Principles And Specifications Of Flash Chromatography Columns
As a unique chromatography technique that pushes solvent through the column uses by compressed gas or a pump, flash column chromatography is highly appreciated as an advance technique because it makes flow rates of the solvent much faster than the gravity flow.
Developed in the 1970’s, flash column chromatography was upgraded from long column chromatography technology in the lab. At that time, the scientists were tired of long column chromatography, because it’s kind of time-wasting with poor results. But flash column chromatography can not only provide better separation but also reduce the running time of the sample separations. The whole process usually takes about 5-10 minutes.
The silica gel is not only the gel which was first used in the column, but it is widely employed still nowadays. The air was pressured to drive the solvent through the silica gel column and compress it. After the sample is applied, and the same solvent is used to pass the sample through the column. The solvent can be different sometimes. And then, it’s the time we can collect the purified component, small fractions emerge first, and the larger ones go after.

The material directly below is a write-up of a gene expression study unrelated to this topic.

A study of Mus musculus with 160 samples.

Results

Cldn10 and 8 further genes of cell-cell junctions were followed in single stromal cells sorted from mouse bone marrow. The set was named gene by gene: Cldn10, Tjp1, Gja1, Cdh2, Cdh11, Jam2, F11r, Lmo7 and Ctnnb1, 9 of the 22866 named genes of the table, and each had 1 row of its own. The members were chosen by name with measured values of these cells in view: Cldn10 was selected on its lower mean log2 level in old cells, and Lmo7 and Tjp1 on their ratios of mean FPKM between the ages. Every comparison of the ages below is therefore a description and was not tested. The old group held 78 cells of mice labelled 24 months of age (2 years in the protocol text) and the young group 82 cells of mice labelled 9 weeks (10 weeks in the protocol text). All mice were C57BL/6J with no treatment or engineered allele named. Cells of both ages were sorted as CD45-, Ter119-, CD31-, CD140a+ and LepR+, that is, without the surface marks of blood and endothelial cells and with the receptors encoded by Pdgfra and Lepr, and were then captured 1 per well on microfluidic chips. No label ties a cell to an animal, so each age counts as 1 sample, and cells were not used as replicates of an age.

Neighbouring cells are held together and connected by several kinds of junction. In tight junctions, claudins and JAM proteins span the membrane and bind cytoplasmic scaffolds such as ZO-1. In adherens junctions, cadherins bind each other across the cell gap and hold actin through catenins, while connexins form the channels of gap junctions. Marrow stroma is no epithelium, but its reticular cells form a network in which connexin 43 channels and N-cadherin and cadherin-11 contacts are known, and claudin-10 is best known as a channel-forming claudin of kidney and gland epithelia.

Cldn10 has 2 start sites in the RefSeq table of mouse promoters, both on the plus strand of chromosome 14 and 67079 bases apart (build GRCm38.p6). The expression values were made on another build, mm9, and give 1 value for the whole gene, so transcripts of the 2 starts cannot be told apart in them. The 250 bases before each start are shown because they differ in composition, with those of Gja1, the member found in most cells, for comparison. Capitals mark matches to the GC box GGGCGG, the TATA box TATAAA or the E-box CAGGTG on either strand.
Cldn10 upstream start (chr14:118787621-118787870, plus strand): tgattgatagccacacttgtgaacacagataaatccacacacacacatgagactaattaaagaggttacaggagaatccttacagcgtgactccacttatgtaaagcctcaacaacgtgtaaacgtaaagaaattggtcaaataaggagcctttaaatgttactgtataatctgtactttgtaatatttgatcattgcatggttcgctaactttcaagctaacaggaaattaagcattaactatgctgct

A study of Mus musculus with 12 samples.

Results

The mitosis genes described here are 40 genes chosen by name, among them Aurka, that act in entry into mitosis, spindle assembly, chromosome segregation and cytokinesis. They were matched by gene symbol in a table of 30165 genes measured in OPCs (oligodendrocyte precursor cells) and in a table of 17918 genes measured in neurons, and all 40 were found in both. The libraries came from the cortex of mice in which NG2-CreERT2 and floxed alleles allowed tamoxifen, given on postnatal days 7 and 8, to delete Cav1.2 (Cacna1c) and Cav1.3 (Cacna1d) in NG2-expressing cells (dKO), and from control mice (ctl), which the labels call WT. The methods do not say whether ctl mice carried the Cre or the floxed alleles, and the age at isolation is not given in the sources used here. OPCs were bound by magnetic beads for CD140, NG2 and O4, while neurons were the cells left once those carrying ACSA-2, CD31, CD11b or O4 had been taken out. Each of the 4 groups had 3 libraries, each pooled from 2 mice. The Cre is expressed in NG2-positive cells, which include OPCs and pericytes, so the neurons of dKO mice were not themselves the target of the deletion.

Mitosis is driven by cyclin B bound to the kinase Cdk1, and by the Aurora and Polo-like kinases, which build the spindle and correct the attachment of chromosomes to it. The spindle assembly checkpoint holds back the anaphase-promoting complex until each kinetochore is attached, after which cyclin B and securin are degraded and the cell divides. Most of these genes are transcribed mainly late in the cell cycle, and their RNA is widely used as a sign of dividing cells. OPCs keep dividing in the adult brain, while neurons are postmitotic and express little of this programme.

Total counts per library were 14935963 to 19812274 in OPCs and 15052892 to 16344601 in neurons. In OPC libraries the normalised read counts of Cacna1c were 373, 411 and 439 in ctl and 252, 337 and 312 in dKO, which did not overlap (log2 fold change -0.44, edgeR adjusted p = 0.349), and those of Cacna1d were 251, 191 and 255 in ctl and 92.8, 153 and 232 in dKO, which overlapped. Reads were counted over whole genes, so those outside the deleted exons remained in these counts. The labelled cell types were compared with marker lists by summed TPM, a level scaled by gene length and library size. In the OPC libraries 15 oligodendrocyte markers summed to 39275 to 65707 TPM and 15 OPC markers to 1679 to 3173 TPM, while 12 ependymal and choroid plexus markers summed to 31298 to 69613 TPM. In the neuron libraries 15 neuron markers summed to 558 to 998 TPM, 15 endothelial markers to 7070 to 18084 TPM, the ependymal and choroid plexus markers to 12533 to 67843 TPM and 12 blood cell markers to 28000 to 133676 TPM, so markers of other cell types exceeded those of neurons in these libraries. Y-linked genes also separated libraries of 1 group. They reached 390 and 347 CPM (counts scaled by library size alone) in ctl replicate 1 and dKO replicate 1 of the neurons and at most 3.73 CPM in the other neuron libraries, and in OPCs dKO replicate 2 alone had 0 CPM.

Flash is a fast separation mode for preparative chromatography, which uses optimized pre-packed low and medium pressure columns for chromatographic separations. Flash is considered to be low- and medium-pressure separation chromatography, and its resolution is correspondingly lower than HPLC (high-performance liquid chromatography, or high-pressure liquid chromatography).
Flash technology was developed in 1978 and is used to purify organic compounds. Compared to traditional column chromatography, it is a fast and inexpensive technology. Flash separation and purification technology are now widely used in various applications such as drug development, sample purification, and natural product purification. Because of its low cost and simplicity, FLASH is one of the chromatography separation and purification tools that cannot be replaced by preparative HPLC.